A San Jose tech company that had been fighting for its life in a proxy battle has surrendered to the hedge fund that had been seeking to oust the company's board.
Tessera Technologies had asked shareholders to reject a proposed slate of seven new directors proposed by New York-based Starboard Value. Tessera CEO Richard Hill had claimed Starboard -- which in recent years has launched proxy battles against a number of companies it believes are undervalued -- wanted to turn the maker of chip-packaging technology into a "patent troll" that would stop making new products and instead focus only on licensing and enforcing its existing patent portfolio.
But with a number of other large institutional investors saying they planned to back the new slate, Tessera on the eve of Thursday's shareholder vote agreed to seat all but one of Starboard's directors while jettisoning two tenured board members. Two other board members have agreed not to stand for re-election.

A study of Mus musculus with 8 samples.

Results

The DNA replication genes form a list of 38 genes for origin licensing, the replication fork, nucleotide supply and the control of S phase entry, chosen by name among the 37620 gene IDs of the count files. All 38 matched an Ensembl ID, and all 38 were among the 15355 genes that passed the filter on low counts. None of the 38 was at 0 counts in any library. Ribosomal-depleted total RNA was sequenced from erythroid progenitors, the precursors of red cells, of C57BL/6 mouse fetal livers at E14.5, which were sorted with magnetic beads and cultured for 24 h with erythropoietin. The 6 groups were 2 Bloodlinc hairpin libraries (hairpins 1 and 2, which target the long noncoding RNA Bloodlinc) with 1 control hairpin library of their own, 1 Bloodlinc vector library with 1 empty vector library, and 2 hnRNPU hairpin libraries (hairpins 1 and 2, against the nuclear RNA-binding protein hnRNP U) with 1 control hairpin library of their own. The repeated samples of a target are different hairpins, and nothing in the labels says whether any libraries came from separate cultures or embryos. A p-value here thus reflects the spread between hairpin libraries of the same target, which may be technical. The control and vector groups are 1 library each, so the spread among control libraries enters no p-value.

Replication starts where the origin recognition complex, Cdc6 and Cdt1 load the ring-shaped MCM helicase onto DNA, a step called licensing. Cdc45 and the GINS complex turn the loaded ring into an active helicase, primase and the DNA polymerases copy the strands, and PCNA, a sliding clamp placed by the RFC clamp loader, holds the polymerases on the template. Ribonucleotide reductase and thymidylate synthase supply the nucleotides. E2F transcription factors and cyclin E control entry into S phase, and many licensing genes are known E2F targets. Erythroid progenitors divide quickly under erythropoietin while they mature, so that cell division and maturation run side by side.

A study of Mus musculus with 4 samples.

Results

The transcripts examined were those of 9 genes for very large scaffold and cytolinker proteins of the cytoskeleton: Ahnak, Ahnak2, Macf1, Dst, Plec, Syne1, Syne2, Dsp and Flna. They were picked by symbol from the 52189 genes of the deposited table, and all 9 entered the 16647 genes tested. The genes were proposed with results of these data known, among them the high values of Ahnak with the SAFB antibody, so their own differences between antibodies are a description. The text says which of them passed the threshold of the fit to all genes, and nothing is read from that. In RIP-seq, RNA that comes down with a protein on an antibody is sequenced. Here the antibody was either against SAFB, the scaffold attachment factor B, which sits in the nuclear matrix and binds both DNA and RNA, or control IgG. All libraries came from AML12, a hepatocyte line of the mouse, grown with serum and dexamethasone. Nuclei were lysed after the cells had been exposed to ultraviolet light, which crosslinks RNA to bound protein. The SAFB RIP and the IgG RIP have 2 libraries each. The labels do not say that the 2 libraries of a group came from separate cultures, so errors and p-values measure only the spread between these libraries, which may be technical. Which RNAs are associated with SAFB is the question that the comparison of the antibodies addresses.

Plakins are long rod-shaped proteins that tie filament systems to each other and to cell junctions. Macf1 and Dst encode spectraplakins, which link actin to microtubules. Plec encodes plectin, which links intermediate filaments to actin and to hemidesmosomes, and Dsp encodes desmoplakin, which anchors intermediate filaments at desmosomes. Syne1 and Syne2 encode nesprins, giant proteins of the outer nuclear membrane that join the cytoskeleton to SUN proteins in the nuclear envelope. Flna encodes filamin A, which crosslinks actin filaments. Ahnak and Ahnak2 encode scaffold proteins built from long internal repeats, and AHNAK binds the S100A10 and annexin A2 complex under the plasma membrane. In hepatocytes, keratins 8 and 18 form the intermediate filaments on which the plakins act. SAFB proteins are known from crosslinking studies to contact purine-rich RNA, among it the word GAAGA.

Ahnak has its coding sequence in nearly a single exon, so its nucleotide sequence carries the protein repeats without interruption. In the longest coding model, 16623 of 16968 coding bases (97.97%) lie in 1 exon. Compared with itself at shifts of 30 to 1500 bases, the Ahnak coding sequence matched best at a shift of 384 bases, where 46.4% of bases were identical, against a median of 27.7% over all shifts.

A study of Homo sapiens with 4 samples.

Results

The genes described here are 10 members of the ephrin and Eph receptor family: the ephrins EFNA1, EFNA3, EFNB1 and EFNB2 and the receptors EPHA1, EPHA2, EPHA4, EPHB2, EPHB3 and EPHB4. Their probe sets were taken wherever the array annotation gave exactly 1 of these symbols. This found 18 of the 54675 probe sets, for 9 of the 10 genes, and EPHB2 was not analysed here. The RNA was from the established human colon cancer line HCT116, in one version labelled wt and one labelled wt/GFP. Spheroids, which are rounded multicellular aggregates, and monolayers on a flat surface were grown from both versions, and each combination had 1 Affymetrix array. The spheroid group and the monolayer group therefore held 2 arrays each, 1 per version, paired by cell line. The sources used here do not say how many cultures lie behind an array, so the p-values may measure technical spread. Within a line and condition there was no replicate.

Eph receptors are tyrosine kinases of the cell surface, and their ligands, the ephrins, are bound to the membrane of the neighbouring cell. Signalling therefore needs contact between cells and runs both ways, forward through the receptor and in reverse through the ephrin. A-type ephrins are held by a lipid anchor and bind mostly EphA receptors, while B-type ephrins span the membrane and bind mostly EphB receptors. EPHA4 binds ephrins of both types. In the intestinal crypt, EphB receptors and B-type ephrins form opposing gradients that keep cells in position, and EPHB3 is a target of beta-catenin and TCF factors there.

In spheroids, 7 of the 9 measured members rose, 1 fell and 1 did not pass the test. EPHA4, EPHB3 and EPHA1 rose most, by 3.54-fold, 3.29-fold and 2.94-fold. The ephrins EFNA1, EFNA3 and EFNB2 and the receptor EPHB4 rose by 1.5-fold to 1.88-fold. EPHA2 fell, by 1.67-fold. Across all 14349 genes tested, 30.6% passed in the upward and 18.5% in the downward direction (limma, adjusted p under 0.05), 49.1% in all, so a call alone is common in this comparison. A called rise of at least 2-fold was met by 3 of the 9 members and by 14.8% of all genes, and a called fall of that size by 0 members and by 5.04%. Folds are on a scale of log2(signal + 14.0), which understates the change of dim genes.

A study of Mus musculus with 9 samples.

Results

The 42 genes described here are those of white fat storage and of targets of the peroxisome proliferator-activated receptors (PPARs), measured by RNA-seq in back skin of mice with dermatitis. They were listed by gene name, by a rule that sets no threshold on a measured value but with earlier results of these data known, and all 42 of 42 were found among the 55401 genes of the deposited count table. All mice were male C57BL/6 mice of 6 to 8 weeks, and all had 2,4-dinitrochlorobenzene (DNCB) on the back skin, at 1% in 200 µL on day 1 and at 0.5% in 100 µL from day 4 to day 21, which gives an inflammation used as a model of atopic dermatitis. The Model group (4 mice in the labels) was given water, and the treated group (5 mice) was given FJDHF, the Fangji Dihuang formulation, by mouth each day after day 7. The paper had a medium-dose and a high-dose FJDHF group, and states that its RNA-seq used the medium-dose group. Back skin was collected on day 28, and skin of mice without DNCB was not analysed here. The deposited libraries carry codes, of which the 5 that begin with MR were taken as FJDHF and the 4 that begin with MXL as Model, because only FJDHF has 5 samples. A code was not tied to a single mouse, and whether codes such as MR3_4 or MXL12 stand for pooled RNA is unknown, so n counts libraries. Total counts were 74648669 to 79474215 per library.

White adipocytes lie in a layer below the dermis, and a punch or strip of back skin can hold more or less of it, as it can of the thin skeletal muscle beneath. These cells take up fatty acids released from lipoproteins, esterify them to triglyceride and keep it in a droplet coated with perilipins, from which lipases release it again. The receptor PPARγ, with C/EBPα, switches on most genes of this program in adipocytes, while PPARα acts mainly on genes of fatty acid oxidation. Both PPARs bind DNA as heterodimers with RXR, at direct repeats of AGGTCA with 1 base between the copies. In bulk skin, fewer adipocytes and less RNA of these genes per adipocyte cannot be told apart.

Hill -- who became interim CEO in March after Starboard, which owns more than 7 percent of the company's shares, forced the board to fire Tessera's previous chief executive -- also will turn over the helm to one of Starboard's board nominees, although just whom that will be was not announced.
Hill, in a statement, said the settlement with Starboard "is in the best interests of the company and its stockholders." Starboard managing member Peter Feld said the flurry of moves will "enhance value for the benefit of all stockholders."
A new shareholder meeting to vote on the compromise is scheduled for June 7.
Bryan Kohm, an intellectual property attorney with Fenwick & West in San Francisco, said an increasing number of Silicon Valley companies are at risk for such shareholder actions.
"For decades, you've had situations where investors come in and realize the assets of the company are worth more than the company as a going concern," he said. "What we're seeing now is the realization that a patent portfolio can be one of those assets. Companies that seem to have a difficult road ahead of them are very susceptible."